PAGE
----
Kevin Iole
Yahoo Sports
Chris Weidman vence Lyoto Machida

LAS VEGAS – For the last year, whenever the name Chris Weidman was spoken in mixed martial arts circles, Anderson Silva's was sure to quickly follow.

But after winning a Fight of the Year-type bout over Lyoto Machida on Saturday in his second title defense to retain his middleweight championship before 10,088 fans in the main event of UFC 175 at the Mandalay Bay Events Center, Silva may finally be in Weidman's rearview mirror forever.

"I don't know about that," Weidman said after taking a unanimous decision by scores of 49-45, 49-46 and 48-47. "And I don't mind having Anderson Silva attached to me as long as it does, because he's the greatest of all time."

Weidman has a long way to go before he's even in the conversation for that kind of moniker, but he's established himself conclusively as the best middleweight in the world. He's beaten Silva in back-to-back bouts and now Machida in a grueling, hard-fought battle.

He's now 12-0 and likely to face Vitor Belfort next, assuming Belfort can get his licensing issues with the Nevada Athletic Commission resolved, which is no sure thing. Belfort failed a random drug test in February and is expected to appear before the commission on July 23 to argue for his license.

But while Belfort won the fights that will get him the title shot with the benefit of a therapeutic use exemption for testosterone replacement therapy, Weidman did it the way it's supposed to be done.

He worked feverishly to get better, believed fervently in himself and kept a low profile. He's no media darling like Ronda Rousey, the women's bantamweight champion who stopped Alexis Davis in 16 seconds in the co-main event.

Rousey is popular because of her enormous talents, her cover-girl looks and quick wit.

Weidman isn't going to make a living as a stand-up comic, but he's shooting way up the must-see list because he is routinely exciting and delivers those wow moments in virtually every bout.

He did it Saturday at far less than his physical best. Most fighters go into a bout banged up to some degree, but Weidman was battling several issues.

He was supposed to fight at UFC 173 in May, but had to back out of that card because he required knee surgery.

He had more knee issues in camp and didn't strike with his hands during the last two weeks because he suffered ligament damage.


Ronda Rousey looks up after defeating Alexis Davis in their women's bantamweight title bout. (AP Photo)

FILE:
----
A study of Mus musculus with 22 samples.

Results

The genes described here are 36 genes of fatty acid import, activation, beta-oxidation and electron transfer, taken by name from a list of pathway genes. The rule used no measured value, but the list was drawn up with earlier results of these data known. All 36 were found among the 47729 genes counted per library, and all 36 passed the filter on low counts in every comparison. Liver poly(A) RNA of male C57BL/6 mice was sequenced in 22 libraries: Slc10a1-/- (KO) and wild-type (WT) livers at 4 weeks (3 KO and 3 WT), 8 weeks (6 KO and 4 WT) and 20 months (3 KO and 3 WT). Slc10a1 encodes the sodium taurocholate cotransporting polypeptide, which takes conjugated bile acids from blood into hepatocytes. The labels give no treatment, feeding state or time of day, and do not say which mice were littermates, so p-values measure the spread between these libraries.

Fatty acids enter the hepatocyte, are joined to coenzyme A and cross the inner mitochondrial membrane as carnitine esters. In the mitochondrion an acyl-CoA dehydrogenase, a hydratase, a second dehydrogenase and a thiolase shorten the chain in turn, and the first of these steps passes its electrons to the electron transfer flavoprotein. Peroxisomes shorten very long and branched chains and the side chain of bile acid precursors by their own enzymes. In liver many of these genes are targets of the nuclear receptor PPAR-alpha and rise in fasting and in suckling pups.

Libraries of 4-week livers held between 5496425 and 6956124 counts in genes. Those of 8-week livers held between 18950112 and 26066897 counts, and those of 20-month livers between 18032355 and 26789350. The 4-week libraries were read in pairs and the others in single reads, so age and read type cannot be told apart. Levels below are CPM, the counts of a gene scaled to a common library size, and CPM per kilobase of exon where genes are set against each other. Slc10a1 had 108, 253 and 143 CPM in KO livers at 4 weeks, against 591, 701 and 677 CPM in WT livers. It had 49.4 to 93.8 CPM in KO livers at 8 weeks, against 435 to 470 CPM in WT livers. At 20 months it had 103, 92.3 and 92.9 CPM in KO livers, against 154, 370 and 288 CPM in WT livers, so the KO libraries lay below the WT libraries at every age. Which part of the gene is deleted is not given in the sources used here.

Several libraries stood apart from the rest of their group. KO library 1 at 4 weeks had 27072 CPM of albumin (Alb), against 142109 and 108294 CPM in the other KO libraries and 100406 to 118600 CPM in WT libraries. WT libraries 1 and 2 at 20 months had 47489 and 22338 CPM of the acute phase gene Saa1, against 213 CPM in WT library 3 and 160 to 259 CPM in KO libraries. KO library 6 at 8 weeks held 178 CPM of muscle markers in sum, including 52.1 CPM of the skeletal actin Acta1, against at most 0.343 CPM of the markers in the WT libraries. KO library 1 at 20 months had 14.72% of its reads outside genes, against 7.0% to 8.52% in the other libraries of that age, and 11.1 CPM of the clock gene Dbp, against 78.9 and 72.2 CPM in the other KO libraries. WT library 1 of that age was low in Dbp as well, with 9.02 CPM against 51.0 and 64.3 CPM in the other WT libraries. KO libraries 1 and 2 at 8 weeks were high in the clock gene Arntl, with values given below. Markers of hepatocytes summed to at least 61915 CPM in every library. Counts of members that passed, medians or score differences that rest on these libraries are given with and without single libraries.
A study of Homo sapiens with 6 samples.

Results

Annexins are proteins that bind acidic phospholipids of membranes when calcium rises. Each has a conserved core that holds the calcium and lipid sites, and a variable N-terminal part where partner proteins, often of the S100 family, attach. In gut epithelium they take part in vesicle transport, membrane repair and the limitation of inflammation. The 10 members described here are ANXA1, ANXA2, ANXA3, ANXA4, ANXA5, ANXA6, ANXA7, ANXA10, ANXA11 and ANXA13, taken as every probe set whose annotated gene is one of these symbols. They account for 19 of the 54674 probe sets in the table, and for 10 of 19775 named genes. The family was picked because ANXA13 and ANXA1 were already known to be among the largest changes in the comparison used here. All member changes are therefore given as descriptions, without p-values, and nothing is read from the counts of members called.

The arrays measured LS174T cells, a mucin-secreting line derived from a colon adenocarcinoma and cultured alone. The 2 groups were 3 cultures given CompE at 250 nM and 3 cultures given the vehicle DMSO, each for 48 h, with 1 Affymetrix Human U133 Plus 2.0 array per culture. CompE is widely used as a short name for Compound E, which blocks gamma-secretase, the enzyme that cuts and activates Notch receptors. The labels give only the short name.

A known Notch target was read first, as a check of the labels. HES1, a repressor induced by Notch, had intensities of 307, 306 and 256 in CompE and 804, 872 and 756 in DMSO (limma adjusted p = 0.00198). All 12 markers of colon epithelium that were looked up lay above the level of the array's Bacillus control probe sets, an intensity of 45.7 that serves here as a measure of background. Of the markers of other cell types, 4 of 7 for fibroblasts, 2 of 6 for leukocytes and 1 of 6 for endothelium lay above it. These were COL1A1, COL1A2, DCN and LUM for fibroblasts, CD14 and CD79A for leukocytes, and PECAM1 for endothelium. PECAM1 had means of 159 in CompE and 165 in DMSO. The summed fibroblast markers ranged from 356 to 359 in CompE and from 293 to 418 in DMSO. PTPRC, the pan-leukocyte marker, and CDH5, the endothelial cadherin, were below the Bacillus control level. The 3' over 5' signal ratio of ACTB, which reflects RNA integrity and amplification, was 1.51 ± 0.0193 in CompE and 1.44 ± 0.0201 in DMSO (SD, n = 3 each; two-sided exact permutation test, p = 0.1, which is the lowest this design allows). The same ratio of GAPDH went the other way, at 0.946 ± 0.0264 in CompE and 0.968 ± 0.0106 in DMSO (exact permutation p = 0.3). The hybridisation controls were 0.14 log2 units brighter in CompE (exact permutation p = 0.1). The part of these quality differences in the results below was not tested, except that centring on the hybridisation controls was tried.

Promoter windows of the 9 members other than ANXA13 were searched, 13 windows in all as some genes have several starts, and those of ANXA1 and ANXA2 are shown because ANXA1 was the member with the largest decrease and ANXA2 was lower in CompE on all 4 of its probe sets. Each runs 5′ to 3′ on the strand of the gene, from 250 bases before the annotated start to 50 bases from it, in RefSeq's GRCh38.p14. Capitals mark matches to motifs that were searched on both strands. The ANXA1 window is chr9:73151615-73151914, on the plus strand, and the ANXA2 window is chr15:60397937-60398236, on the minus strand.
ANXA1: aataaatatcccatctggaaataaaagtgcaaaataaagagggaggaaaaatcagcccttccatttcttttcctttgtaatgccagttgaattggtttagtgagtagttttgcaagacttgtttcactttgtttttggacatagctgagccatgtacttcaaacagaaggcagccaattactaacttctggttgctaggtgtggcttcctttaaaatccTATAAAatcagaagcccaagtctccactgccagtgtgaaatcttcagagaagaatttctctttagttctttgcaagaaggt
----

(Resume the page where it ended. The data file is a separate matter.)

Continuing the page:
"To be honest with you, I think it was probably my worst camp ever, but we got the job done," Weidman said. "For two weeks, I haven't been able to hit pads. I had to go to the doctor's to make sure it wasn't broken."

"With my knees, I might have started a little fast in camp and my knees weren't where they should have been. I pushed through and I refused to make excuses why I shouldn't win this fight. But if I'm being honest with myself, it was probably my worst camp, as far as everything was going wrong."

He faced plenty of adversity on Saturday. Machida repeatedly kicked him to the body and left a massive welt on his rib cage on the right side of his body.

After Weidman swept the first three rounds on all three judges' cards, Machida stepped up the pace in the fourth. He began to attack more than to move laterally and cracked Weidman with several combinations.

Weidman began to bleed from the mouth and seemed totally fatigued.

"Maybe I should have started quicker," Machida said.

Rousey proved the merits of starting quickly. She raced out of her corner as become her style. She hit Davis with a punishing right hand that, for all intents and purposes, ended the fight.

Rousey followed the right with a knee to the body, then judo-tossed Davis violently to the ground. She grabbed Davis in a headlock and blasted her with a series of punches that forced referee Yves Lavigne to stop it just 16 seconds in.

Joe Rogan asked Rousey after the fight whether she'd be willing to fight at UFC 176, scheduled for Aug. 2 in Los Angeles. Rousey noted that she had a cyst on a knuckle on her right hand that required nine stitches to fix after the fight. She also said her right knee needs minor surgery because, in her words, there is some "junk floating around" in there.

That led White to go ballistic at cageside with the producers in the television truck who asked Rogan to ask Rousey that question.

"I wasn't upset with Joe Rogan; I was upset with the truck for telling him to tell Ronda that she is going to fight again [in August]," White said. "It wasn't true. It was some [expletive] that people made up back there."

Rousey will probably appear on the New Year's Eve card after she allows her hand to heal, has her knee surgery and takes some time off.

Weidman joked that he wanted to fight on that same card.

"Let's stick together," he said, turning toward Rousey at his right. Then, bumping microphones that were adorned with a Bud Light logo, he smiled and said, "Cheers."

It was that kind of a night for Weidman, who had much against him and managed to come through with another convincing victory.

He may never equal Silva's greatness or have the star power of Rousey, but Weidman is doing just fine on his own.